Program Brings Saudis to Tech
"About 60 faculty members from a Saudi Arabian university are taking courses at Virginia Tech in classrooms separated by gender.
"Virginia Tech officials said administrators from King Abdul Aziz University in Jeddah asked for the separation to reflect practices at their home institution.
"'This is the way they teach their courses over there, and this is the way they wish their courses to be taught over here,' a Virginia Tech spokesman said.
"The courses are in English instruction, communications, distance learning and Web site development. The program is being offered through a contract between the schools that does not involve state money, the spokesman said."
Compare the above item with this excerpt from the August 7, 2005 edition of the Washington Post:
Or jihadist computer geeks can go to Virginia Tech, now conducting classes in accordance with shari'a law.
"...Al Qaeda has become the first guerrilla movement in history to migrate from physical space to cyberspace. With laptops and DVDs, in secret hideouts and at neighborhood Internet cafes, young code-writing jihadists have sought to replicate the training, communication, planning and preaching facilities they lost in Afghanistan with countless new locations on the Internet.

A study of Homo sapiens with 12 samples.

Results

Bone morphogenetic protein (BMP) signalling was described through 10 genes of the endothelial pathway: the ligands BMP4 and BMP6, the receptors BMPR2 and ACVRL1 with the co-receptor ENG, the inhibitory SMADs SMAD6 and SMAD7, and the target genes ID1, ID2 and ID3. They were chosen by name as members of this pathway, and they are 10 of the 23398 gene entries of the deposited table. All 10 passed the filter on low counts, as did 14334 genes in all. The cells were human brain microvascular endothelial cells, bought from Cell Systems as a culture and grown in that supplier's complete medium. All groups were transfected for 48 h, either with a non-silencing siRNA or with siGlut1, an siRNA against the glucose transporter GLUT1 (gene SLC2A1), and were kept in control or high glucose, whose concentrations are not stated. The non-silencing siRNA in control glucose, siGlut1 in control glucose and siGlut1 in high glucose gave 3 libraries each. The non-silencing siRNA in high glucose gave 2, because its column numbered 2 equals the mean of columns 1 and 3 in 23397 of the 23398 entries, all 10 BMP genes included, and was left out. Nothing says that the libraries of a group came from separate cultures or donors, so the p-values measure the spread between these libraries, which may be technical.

"Al Qaeda suicide bombers and ambush units in Iraq routinely depend on the Web for training and tactical support, relying on the Internet's anonymity and flexibility to operate with near impunity in cyberspace. In Qatar, Egypt and Europe, cells affiliated with al Qaeda that have recently carried out or seriously planned bombings have relied heavily on the Internet.
"Such cases have led Western intelligence agencies and outside terrorism specialists to conclude that the 'global jihad movement,' sometimes led by al Qaeda fugitives but increasingly made up of diverse 'groups and ad hoc cells,' has become a 'Web-directed' phenomenon...
"Among other things, al Qaeda and its offshoots are building a massive and dynamic online library of training materials -- some supported by experts who answer questions on message boards or in chat rooms -- covering such varied subjects as how to mix ricin poison, how to make a bomb from commercial chemicals, how to pose as a fisherman and sneak through Syria into Iraq, how to shoot at a U.S. soldier, and how to navigate by the stars while running through a night-shrouded desert. These materials are cascading across the Web in Arabic, Urdu, Pashto and other first languages of jihadist volunteers.
"The Saudi Arabian branch of al Qaeda launched an online magazine in 2004 that exhorted potential recruits to use the Internet...
"[According to Michael Scheuer, former chief of the CIA unit that tracked bin Laden,] 'It used to be they [jihadists] had to go to Sudan, they had to go to Yemen, they had to go to Afghanistan to train,...'"
Have at it, anti-dhimmitudinal commenters!
Note: Go here for more on Virginia Tech's dhimmitude.